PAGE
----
A short recap of Advent of Code 2020
Jan 25, 2021
5 minute read

Writing about my experiences with Advent of Code has become something of a yearly tradition for me, and while 2020’s entry has lapsed into 2021, I am here to continue the tradition all the same!

In a year otherwise marred by difficulties for so many people on so many fronts, it was nice to have the distraction of programming puzzles for an hour or so each December evening.

My only goal this year (in addition to completing all the puzzles) was to try and leverage some of the new C# 9.0 functionality such as record types. These were useful but haven’t quite made it into my “muscle memory” yet, so it’s hard to reach for new features when you’re racing against the clock.

My completed advent calendar.

My completed advent calendar.

All puzzles completed from every event.

All puzzles completed from every event.

Like last year I was fortunate enough to be participating in the event with several peers from my local developer community. We would often discuss each day’s puzzle, share the most interesting solutions, and provide support to each other as needed. It proved to be the most memorable part of the event, which I’ll touch more on later.

I will now share some thoughts on the puzzles themselves - if you have any interest in completing them yourself, you may want to turn away now!

*** Spoilers ahead! ***

For the most part, I found 2020’s puzzles to be of excellent quality. The descriptions were clear and easy to follow and featured many interesting themes. The problems were challenging at times but not overly difficult. I expected more of a difficulty spike in the last week than there was. There were no recurring solutions like last year’s IntCode, and the majority of puzzles felt somewhat familiar with those of past events, which is understandable when you consider the number of new ones that need to be written each year.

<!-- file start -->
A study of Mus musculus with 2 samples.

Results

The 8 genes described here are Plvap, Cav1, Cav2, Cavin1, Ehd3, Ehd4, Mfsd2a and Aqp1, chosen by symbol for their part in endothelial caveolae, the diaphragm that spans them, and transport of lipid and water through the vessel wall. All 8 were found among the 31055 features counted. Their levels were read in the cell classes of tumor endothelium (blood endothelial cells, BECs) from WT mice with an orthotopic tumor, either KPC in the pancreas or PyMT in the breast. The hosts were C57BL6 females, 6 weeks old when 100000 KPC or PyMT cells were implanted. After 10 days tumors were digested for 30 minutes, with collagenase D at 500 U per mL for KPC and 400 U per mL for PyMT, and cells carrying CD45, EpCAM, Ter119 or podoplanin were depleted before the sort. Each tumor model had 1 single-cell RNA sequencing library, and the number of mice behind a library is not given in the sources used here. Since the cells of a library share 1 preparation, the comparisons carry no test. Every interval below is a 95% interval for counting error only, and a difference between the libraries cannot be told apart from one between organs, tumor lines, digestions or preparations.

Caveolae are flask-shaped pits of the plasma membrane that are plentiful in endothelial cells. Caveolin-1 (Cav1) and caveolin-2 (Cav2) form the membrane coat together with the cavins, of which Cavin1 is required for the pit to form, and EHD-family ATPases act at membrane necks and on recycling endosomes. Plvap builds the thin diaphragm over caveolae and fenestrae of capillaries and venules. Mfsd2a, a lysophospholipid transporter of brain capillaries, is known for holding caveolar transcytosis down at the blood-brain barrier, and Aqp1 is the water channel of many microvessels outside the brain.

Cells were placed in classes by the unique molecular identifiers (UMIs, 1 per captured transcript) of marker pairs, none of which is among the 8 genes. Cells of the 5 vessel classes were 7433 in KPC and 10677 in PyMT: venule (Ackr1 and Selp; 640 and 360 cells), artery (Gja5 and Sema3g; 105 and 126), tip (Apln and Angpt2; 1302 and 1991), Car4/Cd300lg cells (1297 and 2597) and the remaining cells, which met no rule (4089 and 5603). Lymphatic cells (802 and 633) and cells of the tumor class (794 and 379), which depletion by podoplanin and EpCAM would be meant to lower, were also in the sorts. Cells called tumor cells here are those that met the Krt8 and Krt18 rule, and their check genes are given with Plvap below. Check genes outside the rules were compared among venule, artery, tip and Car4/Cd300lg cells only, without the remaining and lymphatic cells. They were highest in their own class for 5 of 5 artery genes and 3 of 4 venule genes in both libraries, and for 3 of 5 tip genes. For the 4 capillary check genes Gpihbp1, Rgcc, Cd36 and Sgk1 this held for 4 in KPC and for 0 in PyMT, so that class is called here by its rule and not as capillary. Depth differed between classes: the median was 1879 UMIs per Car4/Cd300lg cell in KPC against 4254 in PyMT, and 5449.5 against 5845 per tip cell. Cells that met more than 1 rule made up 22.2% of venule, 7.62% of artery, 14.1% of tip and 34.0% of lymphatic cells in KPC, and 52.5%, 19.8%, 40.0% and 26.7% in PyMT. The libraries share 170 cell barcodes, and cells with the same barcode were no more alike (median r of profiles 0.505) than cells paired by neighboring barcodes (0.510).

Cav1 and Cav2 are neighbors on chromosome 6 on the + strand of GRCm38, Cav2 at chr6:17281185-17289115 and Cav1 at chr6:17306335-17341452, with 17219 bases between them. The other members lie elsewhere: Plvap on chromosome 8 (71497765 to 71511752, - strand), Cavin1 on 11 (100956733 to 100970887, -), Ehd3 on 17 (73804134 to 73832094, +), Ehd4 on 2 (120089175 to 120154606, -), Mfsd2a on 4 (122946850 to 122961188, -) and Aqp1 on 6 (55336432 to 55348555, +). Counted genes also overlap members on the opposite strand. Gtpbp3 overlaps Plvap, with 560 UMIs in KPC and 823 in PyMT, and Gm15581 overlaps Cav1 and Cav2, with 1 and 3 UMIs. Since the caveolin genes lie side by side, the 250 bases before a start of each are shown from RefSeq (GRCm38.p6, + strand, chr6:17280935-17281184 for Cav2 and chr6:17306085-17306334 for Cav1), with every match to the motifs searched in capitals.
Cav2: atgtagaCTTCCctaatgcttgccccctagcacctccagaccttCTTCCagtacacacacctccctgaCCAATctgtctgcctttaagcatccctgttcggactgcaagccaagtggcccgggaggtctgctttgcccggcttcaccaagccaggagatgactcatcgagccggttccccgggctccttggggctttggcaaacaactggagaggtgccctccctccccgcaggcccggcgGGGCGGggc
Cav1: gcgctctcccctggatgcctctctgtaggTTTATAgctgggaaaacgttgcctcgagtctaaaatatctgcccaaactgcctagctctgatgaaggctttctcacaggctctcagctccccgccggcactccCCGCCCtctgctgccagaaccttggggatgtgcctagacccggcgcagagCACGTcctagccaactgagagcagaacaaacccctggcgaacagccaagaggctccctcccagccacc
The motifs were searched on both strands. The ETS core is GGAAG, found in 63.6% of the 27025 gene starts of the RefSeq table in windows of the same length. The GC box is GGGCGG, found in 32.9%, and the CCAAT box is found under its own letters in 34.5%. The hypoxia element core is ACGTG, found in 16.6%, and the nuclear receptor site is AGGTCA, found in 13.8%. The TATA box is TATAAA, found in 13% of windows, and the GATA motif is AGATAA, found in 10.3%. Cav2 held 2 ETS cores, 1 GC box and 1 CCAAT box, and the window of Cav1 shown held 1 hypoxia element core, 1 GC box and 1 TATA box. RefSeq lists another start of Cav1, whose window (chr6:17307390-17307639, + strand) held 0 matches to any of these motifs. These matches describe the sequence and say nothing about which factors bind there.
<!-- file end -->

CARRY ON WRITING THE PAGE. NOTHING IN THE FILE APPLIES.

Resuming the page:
I was disappointed that there were no graph problems to solve, as those have become a particular favourite of mine - although it does give me another year to come up with my own implementations of a graph type and search algorithms.

I also enjoyed this year’s ASCII art - in particular the animations, the puzzles presented out of numerical order the presence of the sea monster from Day 20, and - perhaps most of all - the alliterative puzzle names.

The Puzzles


Day 4: Passport Processing - I am not very skilled at parsing text cleanly, but this was a fun early challenge and I enjoyed having to write custom validation for each type of input - though my initial solution could certainly use some refactoring!

Day 18: Operation Order - Changing the order of operations in a math equation - easy enough to explain, but more challenging to implement! Writing a custom parser was a lot of fun. My solution to part one was insufficient for part two, which I had largely anticipated, so I had to re-write most of it. My solution is an absolute mess and there remains a lot to be learned from learning to solve this in a better way.

Day 22: Crab Combat & Day 23: Crab Cups - While the relationship between these two puzzles was mostly thematic, I just love games and the solutions that these two required.

Day 24: Lobby Layout - This was the second puzzle I can recall that required a hex grid. It’s just enough of a twist on a traditional grid to make modeling and navigating it a lot more interesting and provides for fond recollections of the most recent Civilization games.

Most difficult

Day 10: Adapter Array - I had a lot of trouble “visualising” the solution to this, and I had to brush up on the dynamic programming I was introduced to in an earlier event.

Day 13: Shuttle Search - Solving part one wasn’t particularly difficult, but making it performant enough for 100000000000000+ iterations certainly was! I found a way of “shortcutting” it enough to solve in a reasonable time, but it is still by no means the most optimal solution.

I didn’t make it onto any daily leaderboards for this event, which was not surprising given the considerable increase in the number of competitors. I think this is unlikely to change in the future, which has allowed me to question how important the competitive aspect of Advent of Code is to me. It’s in my nature to treat it as a competition, but I don’t think it makes the event more interesting for me. I had just as much fun on the days where I couldn’t participate at the normal start time, and if anything it was easier to step away from the computer and think about the problem without the self-imposed pressure of a clock. For future events I plan to focus on coming up with interesting, clean code and on learning from my peers by comparing their solutions to my own - solutions I develop at my own pace, and in my own time.

As always, this blog would not be complete without a thank you to Eric Wastl and his team of beta testers and community managers for creating such a great event.

You can find my solutions for all 300 stars on GitHub - and if you enjoyed the event, please consider supporting it.